The Delusional Gary Johnson

I will write about the ideological problems with supporting Gary Johnson’s run with the Libertarian Party elsewhere. Here, I concern myself with an easy question: does supporting Johnson’s LP run make strategic sense even on the basic level of partisan politics?

If you think Johnson has a serious chance of becoming president on the LP ticket, you are simply delusional. Any rational person can convince himself that is the case merely by answering the following questions.

1. How many current members of Congress won on the LP ticket?

2. How many members of Congress has the LP elected, ever?

3. How many governors has the LP elected, ever?

4. How many Libertarians currently serve in any state legislature?

5. How many LP presidential candidates have won more than one percent of the popular vote?

6. How many electoral votes has an LP presidential candidate received, ever?

Here are the answers:

1. Zero.
2. Zero.
3. Zero.
4. Zero.
5. One. In 1980, Ed Clark won 1.1 percent of the popular vote.
6. One. In 1972 John Hospers got a single electoral vote.

Ah, but some readers are thinking, Gary Johnson actually was a real politician; he served for eight years as governor of New Mexico. I agree that raises the possibility of him earning more votes as an LP candidate than previous candidates have earned. But he could earn many times the previous totals and still lose very badly.

I was active in the Colorado LP for several years. I served on the state LP board. I attended national LP conventions. I even ran as a candidate once. My experience suggests there are two types of LP candidates for mid- to high-level positions. Realistic ones whose reasons for running do not include winning, and delusional ones who think that this time, by golly, they’re going to take it all the way. A couple candidates I knew spent ridiculous amounts of their own money running. And guess what. They still got blown out of the water come election day. You have a far better chance earning your first million through Amway than you do winning a major election as a Libertarian candidate.

Ah, but others are thinking, even if Johnson doesn’t win, voting for him will lodge a protest. As I will argue elsewhere, lodging a protest vote that promotes the LP is incredibly counterproductive from the standpoint of advancing a rights-protecting government. But let’s table that matter for the moment and just talk electoral tactics.

If you want to register a protest vote, an undervote is nearly as effective as a third-party vote. I simply did not vote in the last presidential election, and I may do the same in 2012, depending on the GOP nominee. (I absolutely will not vote for Paul, Gingrich, Santorum, Perry, or Bachmann.) If a vote for the LP candidate were merely a protest vote (which, I emphasize, is not the case), then the strategic advantage of voting LP versus voting for nobody (or a write-in) would be negligible.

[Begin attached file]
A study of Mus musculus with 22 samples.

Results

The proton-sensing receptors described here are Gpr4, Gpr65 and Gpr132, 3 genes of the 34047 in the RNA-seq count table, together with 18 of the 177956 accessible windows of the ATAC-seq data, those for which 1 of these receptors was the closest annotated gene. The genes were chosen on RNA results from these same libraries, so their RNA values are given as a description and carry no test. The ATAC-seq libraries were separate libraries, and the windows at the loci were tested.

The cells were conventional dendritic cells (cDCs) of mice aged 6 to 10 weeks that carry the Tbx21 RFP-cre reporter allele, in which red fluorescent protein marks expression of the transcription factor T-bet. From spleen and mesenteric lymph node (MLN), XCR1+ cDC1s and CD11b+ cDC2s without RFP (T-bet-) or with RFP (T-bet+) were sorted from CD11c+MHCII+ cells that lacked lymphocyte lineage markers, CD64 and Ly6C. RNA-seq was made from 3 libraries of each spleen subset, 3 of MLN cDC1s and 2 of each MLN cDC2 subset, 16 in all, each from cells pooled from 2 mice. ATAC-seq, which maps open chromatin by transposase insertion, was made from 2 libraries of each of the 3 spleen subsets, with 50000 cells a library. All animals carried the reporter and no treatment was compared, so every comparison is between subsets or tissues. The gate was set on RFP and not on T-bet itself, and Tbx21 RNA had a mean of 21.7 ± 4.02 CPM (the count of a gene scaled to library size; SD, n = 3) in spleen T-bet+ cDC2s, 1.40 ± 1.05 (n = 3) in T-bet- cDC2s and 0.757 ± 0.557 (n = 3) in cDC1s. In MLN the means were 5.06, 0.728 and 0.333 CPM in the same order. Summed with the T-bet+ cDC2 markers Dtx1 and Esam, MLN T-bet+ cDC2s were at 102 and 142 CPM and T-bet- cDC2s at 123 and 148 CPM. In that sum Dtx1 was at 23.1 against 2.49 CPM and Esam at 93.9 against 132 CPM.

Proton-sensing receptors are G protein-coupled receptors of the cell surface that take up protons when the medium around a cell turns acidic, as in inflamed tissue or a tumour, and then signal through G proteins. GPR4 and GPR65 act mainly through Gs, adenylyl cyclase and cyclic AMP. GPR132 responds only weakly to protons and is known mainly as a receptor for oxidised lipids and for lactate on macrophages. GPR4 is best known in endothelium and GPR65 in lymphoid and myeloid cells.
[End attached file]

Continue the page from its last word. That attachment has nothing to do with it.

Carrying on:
And actually spending any time or money promoting Johnson’s campaign, given all the alternate ways one could spend time and money, would be at best practically worthless.

But of course one’s broader political strategies must account for ideology. It’s not like anybody who might support Johnson might instead support an overt Communist as a “protest vote.” Clearly promoting the right ideas is the paramount strategic concern. I grant that, if you think that supporting Johnson as an LP candidate would advance the right ideas, then supporting him might offer some minuscule strategic advantage. At this point, I encourage readers merely to contemplate the possibility that supporting Johnson as a Libertarian would instead promote very bad ideas, a case I intend to make elsewhere.

Update: See the next post in the series, “Paul-Johnson 2012: The Libertarians’ Best-Case Scenario.”

1 thought on “The Delusional Gary Johnson”

  1. Comment by Stephen Bailey December 30, 2011 10:43 AM

    Shocking that you could vote for the man that brought fully socialized medicine to the US and refuses to disavow his past actions, the man who has flip-flopped more times than a quarter flipped in the air in a game of heads or tails, a man who supported creating a carbon tax/exchange compact in the northeast, the man who has openly stated support for a VAT.

    Ari, I am NOT arguing against any point you’ve made. Only the obvious ones you haven’t. Tou will be much better off not voting again in 2012.

    Comment by Prometheus December 30, 2011 11:25 AM

    You are right that no Candidate has ever won running on the LP ticket and you are probably right that voting in favor of the LP ticket would do more harm, because it encourages their lunacy. I am having a hard time understanding your comment “If you want to register a protest vote, an undervote is nearly as effective as a third-party vote.”

    An undervote means leaving the Presidential line blank? How is that more effective as a protest vote?

    David McBride

    Comment by Ari December 30, 2011 11:29 AM

    David, Thanks for your comments. Notice that I did not say that an undervote is “more effective as a protest vote.” I said it is “nearly as effective.” The reason I say this is that, while both third-party votes and undervotes are reported, usually the former are more heavily reported. However, if a group emerged expressly to promote “none of the above,” and pushed to publicize the undervote, that might be just as noticeable as voting third-party. But in any case, let us acknowledge that lodging a “protest vote” of any variety will make the election of Obama more likely. -Ari

    Comment by TJWelch January 20, 2012 7:18 PM

    In the meantime, Johnson is still on the Republican primary ballot (at least in my state), and I plan to vote for him as a Republican, “protest” though it may be.